I can’t tell you the number of times already this week where I have found myself recalling images, sounds, and moments from our service of worship this past Sunday! I saw the room filled with the beloved community: old friends and new members, saints and sinners alike. I heard a “family of faith, seeking to know Christ and make Him known,” proclaiming unanimous affirmation of language that mobilizes us “to practice bold love of God and neighbor and boundless compassion for all people,” statements of mission and vision that clarify and amplify our collective voices in response to God’s unique call upon us. I felt the stirring only music can give, throngs of voices and instruments united in song proclaiming God’s good news. I watched person after person stream down the aisles — first, to partake in the bread of life and cup of grace; then, to claim Christ and First Baptist Church on Fifth as their own. I relaxed as John reminded us all that even if the rest of our lives unfold relentlessly on schedule, the worship of God and the movement of God’s Spirit invite us to a rhythm ‘off the clock.’ Again and again, I was lifted again by Love — love for our dear friend and minister David, love he so boldly lives of God, for God, and through God, and Love that sends us forth into the world.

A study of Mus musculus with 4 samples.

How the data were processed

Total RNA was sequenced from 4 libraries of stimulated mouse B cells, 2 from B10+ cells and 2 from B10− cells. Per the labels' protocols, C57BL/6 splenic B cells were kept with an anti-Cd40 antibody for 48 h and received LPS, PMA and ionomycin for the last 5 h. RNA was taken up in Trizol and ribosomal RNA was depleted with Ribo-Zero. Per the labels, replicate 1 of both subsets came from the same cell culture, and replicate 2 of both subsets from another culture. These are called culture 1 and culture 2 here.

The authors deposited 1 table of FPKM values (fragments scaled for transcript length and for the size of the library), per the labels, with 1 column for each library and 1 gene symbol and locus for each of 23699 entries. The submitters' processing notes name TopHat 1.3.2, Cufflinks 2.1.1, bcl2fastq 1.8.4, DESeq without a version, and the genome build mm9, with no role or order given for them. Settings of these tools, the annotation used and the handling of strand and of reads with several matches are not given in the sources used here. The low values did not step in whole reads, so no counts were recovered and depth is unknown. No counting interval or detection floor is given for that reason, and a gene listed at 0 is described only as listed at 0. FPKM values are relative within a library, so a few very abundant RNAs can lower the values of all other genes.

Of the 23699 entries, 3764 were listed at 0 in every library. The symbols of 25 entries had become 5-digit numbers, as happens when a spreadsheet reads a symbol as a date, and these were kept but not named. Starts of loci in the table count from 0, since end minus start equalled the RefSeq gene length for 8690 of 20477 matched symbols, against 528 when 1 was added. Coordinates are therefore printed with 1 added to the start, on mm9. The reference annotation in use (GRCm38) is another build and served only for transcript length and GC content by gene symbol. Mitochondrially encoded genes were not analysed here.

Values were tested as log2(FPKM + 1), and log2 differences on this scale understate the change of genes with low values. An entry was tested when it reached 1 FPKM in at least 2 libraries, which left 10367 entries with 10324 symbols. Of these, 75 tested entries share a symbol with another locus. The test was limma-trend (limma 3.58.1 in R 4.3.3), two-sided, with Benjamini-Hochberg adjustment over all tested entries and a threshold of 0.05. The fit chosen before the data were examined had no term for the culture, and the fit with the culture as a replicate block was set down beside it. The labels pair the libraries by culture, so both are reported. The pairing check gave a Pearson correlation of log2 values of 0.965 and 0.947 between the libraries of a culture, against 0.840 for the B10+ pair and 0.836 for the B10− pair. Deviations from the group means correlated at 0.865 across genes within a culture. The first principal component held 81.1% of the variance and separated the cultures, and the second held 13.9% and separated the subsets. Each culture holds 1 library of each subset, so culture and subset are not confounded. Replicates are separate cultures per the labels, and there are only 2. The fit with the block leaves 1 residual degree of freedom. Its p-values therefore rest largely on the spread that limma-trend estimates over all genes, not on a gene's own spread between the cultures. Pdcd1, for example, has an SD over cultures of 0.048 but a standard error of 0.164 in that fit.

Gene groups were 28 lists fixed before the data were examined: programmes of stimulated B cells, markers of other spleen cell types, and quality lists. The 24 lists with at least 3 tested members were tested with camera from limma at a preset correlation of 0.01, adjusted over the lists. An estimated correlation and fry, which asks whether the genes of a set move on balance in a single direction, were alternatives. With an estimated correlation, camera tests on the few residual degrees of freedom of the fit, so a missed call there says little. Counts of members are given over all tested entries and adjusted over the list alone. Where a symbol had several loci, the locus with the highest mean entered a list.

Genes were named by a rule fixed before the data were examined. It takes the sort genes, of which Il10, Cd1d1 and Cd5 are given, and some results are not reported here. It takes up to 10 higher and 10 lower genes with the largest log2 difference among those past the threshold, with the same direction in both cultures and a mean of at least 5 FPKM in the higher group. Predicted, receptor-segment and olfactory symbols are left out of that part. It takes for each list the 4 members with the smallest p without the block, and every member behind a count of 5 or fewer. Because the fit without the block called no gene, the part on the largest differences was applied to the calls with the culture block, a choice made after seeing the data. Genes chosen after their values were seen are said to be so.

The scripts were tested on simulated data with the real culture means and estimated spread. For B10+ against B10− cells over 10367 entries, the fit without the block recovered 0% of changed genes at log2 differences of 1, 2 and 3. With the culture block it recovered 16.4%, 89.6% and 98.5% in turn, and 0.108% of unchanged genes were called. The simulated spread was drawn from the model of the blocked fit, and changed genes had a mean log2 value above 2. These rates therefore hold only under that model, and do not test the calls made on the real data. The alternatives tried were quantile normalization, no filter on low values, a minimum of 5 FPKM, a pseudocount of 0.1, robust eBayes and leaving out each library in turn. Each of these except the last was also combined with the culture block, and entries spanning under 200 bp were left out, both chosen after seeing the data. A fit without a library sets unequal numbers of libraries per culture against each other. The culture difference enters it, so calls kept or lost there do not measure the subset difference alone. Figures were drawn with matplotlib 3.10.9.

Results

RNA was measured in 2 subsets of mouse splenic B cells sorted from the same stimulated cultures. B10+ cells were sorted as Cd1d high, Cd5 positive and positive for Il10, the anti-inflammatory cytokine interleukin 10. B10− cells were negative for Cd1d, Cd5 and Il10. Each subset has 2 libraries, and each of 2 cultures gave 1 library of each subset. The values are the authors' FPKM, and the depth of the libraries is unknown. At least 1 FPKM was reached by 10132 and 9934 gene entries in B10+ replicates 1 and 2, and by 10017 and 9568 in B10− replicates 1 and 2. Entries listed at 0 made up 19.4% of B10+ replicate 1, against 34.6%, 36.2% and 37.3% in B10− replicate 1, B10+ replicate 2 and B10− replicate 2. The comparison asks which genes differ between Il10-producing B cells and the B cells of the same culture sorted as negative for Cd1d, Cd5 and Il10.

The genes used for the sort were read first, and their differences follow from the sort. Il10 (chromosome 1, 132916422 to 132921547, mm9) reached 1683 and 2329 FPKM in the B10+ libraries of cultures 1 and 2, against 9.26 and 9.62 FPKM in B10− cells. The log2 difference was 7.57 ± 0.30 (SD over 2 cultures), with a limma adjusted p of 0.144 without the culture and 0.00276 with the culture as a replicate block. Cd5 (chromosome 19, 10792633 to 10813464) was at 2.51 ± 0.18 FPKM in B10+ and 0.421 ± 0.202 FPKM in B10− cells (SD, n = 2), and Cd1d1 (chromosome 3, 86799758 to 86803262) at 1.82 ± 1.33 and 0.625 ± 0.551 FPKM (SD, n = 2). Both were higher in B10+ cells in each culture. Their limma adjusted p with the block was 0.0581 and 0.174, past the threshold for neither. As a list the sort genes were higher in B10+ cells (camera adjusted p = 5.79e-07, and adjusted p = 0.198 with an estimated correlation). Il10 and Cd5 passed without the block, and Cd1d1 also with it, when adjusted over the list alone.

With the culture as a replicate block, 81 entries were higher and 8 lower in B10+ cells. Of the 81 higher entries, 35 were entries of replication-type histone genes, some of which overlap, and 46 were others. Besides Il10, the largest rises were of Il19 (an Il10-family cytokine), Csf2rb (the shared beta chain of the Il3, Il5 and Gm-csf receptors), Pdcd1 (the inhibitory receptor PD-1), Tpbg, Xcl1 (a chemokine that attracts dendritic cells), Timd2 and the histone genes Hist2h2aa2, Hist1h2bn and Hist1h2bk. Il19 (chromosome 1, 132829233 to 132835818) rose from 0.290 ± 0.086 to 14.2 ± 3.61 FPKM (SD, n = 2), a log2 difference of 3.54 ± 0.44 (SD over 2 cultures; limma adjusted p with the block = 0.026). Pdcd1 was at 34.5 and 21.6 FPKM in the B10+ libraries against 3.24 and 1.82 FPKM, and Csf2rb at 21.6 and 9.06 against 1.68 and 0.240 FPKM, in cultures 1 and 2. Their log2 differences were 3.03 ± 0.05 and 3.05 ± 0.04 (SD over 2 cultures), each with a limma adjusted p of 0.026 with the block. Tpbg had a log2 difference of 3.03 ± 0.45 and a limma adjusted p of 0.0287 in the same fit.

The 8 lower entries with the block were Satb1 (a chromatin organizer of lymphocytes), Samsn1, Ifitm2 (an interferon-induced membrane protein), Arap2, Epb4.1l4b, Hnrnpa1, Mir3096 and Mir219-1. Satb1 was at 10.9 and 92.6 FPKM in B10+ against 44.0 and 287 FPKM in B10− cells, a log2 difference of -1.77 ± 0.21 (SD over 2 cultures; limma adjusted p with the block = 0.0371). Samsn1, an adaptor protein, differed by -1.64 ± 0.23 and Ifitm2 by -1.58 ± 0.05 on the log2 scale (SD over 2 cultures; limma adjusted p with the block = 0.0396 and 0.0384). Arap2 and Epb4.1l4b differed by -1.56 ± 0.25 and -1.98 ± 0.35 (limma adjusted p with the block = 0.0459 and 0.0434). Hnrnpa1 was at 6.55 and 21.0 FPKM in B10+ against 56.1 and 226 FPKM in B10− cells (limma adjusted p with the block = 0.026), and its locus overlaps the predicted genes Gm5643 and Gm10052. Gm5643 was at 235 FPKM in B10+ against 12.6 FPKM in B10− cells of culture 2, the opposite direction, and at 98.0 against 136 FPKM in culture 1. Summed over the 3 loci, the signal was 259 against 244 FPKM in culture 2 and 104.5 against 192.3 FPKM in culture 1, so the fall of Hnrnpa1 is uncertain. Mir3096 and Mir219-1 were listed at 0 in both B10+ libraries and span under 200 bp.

Even after Jack Shearin told me that Sunday’s worship was perhaps the longest in First Baptist’s history (to which I proudly responded, “I’m glad we made history!”), Sunday for me was a snapshot of how I see God at work in our midst. From all walks of life, all ages and life stages, and all across the political and cultural landscape, we worshiped the God revealed to us in Jesus Christ in spirit and truth: fully, boldly, wholeheartedly, and with courage. It was the kind of worship that makes a pastor’s heart sing… not just her lips!
We’ll gather again this Sunday to do the work of worship, the leitourgia (Greek for “worship,” from which comes the word “liturgy,” literally “the work of the people”) guiding our rhythms of gathering and sending, praise and adoration, confession and assurance, proclamation and peace-passing. In this Fourth Sunday of Lent, we’ll hear the familiar reminder of John 3:16 — of God loving all this world with such abandon, that God sent forth Jesus to move into our neighborhoods, pitching his tent right in the midst of human life and sharing in it with us so that through him, we might have life abundant and eternal. What better promise of faith upon which to shape our worship!
Together in the work of Love,
Ps – I hope you have marked your calendars for the Cooperative Baptist Fellowship of North Carolina (CBFNC)’s Annual Gathering, March 15-17! We are so fortunate that it will be held this year close by at Knollwood Baptist Church. I’ll be there, and I hope everyone of you reading this now will find a compelling piece of the three-day event to attend! This year’s theme is called “Fit Church: Nurturing Healthy Congregations.” It takes all of us to make our beloved community a “fit church,” so I look forward to learning alongside you! You can learn more and register at this link: http://www.cbfnc.org/events/fitchurch.